Written By: Bill Syken
One of the great changes that took place during the original run of LIFE magazine was the rise of television culture. When the magazine was founded in 1936, television still largely a creature of the laboratory. By the time the magazine ended its original run in 1972, about 95 percent of American homes had a television.
LIFE magazine documented that growth in its many steps along the way, including stories on what early TV election coverage looked like, nuns learning to make educational shows, and portraits of these TV viewers in their early habitats, among many others.
The April 11, 1949 issue of LIFE captured the distinctive color of local television as it first came to the Lone Star state, in a story titled Television, Texas Style. Here’s a few lines from the report that capture the flavor of what was going on at Fort Worth station WPAB, a pioneering broadcaster in Texas.
When television hit Texas last fall, set owners within reach of the Southwest’s biggest station, WBAP-TV at Fort Worth, expected something that would really spell out the Texas spirit. They got it. Outside the studio the station’s well-heeled owners, Carter Publications Inc., picked up every rodeo, stock show and cutting-horse contest within range. Inside the studio they ran chuck wagons, cow ponies, autos and an occasional elephant from a visiting circus past the cameras and regularly put on big barn dances with as many as 120 people prancing about on the huge 82-foot-long floor…..The station director frequently runs a herd of cattle right through the studio. This sometimes allows pleased Texans to watch an alert stock handler bulldog an errant calf just before it demolishes a camera or gets badly tangled up in the studio’s steel scaffolding. (It never lets them see the arrival of many “cow hands” in well-polished Cadillacs.)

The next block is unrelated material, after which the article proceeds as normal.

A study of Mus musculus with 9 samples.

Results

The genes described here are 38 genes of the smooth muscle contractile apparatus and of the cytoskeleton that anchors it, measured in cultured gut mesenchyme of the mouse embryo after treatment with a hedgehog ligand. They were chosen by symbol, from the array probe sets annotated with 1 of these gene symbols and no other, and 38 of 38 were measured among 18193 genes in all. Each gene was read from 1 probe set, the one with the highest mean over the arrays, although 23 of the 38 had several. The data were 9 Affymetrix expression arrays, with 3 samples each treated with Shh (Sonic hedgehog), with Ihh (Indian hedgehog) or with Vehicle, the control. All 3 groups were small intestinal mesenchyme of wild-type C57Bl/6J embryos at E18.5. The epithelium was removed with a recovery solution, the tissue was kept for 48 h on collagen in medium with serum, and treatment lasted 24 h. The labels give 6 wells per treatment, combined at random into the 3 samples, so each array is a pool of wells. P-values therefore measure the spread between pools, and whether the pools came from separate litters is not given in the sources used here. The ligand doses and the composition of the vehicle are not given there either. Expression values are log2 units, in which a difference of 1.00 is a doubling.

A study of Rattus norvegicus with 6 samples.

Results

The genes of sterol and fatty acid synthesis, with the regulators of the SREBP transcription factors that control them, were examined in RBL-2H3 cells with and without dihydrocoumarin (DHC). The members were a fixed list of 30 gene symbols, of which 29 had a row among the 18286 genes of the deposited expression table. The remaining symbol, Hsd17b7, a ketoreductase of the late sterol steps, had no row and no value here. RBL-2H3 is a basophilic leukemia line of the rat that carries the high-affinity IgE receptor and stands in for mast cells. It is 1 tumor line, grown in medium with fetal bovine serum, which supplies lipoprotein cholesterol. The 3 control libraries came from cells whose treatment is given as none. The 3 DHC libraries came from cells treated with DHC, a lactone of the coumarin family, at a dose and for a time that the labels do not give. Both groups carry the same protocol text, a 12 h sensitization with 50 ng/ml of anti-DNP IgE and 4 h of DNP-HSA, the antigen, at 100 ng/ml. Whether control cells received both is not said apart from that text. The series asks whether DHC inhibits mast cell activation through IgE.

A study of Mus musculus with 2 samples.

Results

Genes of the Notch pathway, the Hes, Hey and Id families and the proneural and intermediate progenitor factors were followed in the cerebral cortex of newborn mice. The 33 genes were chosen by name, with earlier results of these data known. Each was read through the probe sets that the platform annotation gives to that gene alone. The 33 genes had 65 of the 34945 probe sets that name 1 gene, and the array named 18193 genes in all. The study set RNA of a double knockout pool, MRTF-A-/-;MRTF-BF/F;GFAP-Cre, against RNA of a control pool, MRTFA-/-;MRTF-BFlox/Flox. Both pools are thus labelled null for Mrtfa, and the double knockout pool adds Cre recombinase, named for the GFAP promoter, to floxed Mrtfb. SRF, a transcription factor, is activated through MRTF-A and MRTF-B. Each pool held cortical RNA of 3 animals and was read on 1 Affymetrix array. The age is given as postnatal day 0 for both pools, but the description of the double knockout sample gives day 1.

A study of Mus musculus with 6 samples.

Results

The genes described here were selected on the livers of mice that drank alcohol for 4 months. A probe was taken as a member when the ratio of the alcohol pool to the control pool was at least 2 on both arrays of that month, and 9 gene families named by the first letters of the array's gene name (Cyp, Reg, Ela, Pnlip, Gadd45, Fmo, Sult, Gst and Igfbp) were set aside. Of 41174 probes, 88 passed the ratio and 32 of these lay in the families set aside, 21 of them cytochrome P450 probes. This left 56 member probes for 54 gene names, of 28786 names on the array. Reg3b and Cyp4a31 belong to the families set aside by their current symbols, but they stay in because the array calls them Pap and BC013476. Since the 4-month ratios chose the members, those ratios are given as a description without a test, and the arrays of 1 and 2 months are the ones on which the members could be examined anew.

The photographs by Thomas McAvoy capture the scene in loving detail, from the cattle and horses in the studio to the cowboy boots of the cameraman and the memorable mugging of comedian Bruce Pierce. Also of note is the studio audience: the men and women are dressed formally. If you had to guess just from looking at them, you might think they were attending a wedding rather than a staged hoedown.
Another Texas-sized aspect of the production was its broadcast reach: “Although most eastern stations are happy with extreme ranges of 80 to 100 miles, WBAP-TV engineers claim that because of flat terrain they can supply Texas television fare to set owners in Hattiesburg, Miss., 490 air miles away.”
Of course broadcast range is now an obsolete concept, in an age where shows are transmitted digitally for viewing around the globe to anyone with an internet connection. But if the old stations had limited reach, they were also stepping into a new medium full of possibilities, and this Fort Worth station was certainly having fun with them.